The Less Secret State
Peter Hennessy looks back to his 1994 Longman-History Today lecture, delivered just as a revolution in British contemporary history was beginning to bear fruit.
Revisiting my 1994 lecture on The Pleasures and Pains of Contemporary History is pure pleasure. Why? Because, though I scarcely sensed it at the time, we historians of post-1945 Britain, especially those of us with an itch to reconstruct the Cold War secret state successive British governments constructed from the late Forties to the late Eighties, were on the rim of a boom. For, after a bit of gentle pressure from the contemporary historians themselves, the Major Government (1990-97), through William Waldegrave, John Major’s Minister for Open Government, invited us to let Whitehall departments know which files we would like to see from among the documents deemed too sensitive to declassify after the normal 30 years.
This we did initially in 1992 at two immensely fruitful weekend conferences with departmental record officers, organised by the Institute of Contemporary British History. The yield from the Waldegrave Initiative, as we called it, was cumulative and cornucopic. By the end of the Nineties 96,000 files had been re-reviewed and released.
The sensitivity of some of them surprised me, especially those drawn from inside the inner rings of Whitehall secrecy, dealing, for example, with nuclear weapons policies and procedures or intelligence and security. The figure must be double that now (though Whitehall stopped counting in 1998). And the ‘Waldegrave Initiative’ still rolls on alongside Freedom of Information, which, though passed into law in 2000, came into operation in 2005.
A substantial extra supply of documents is, for historians, the equivalent of a new currency with which to trade. The Waldegrave material has fructified in waves of theses, from undergraduate to PhD levels, and a flow of books about many, though not all, of the missing dimensions in our coverage of state activity since 1945. For example the Waldegrave dividend has played a key part in the production of de-fantasised intelligence history and rescued the subject from the airport bookstall genre. On a personal level I could not have written The Secret State (2002) without those Waldegrave-triggered declassifications.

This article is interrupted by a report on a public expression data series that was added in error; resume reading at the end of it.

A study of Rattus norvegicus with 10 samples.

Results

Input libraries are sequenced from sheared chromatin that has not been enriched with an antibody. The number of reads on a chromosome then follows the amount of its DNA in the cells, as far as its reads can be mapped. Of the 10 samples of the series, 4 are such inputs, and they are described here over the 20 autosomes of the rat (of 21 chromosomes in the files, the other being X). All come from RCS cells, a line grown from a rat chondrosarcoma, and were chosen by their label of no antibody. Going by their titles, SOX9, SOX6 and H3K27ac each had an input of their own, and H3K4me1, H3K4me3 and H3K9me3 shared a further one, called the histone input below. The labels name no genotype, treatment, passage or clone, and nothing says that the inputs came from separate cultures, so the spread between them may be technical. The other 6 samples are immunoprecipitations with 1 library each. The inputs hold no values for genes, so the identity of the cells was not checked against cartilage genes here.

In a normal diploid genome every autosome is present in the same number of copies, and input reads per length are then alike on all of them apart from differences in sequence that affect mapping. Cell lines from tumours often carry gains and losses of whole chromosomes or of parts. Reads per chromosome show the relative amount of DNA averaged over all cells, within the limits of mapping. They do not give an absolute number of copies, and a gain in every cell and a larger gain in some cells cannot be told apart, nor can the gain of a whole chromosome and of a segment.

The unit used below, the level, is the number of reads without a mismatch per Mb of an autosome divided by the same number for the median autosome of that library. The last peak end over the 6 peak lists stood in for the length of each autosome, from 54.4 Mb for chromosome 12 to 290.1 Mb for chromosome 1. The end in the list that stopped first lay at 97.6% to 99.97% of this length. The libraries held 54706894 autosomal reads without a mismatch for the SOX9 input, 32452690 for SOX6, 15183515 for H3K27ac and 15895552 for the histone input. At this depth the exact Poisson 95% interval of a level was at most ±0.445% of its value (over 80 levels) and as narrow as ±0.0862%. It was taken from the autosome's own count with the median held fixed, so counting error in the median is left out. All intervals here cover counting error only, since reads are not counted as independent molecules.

There is more to come. Thanks to both the Brown Government (2007-10) and the Cameron-Clegg Coalition we now have a 20-Year Rule about to go live. The reduction from 30 years was conceived in the Labour years and is being implemented under a hugely sympathetic Liberal Democrat minister in the current government, Lord McNally, who has responsibility for the National Archives and public records policy. From January 2013 we are to get two years’ worth of files released at the same time until the 10-year gap has been closed – yet another tranche of new currency with which we contemporaries can do business.
I am an optimist by nature. But even I could not have expected quite the archival benefits to come on that January evening in 1994 when I delivered the Longman-History Today Lecture.
Any regrets? Only one. It occurred to me when preparing Distilling the Frenzy: Writing the History of One’s Own Times for publication last June. It is too late now, but how I wish I had written a historical study (admittedly, not easy to do) of the impact of gossip and rumour on British politics since 1945. After Gore Vidal’s death this August I re-read his Palimpsest. A Memoir (1995). There I found his recollection of a dinner in the White House with President Kennedy. ‘And gossip’, he wrote, ‘endless gossip, which then congeals into history.’ Quite.
Peter Hennessy is Attlee Professor of Contemporary British History at Queen Mary, University of London. He sits in the House of Lords as an independent crossbench peer as Lord Hennessy of Nympsfield.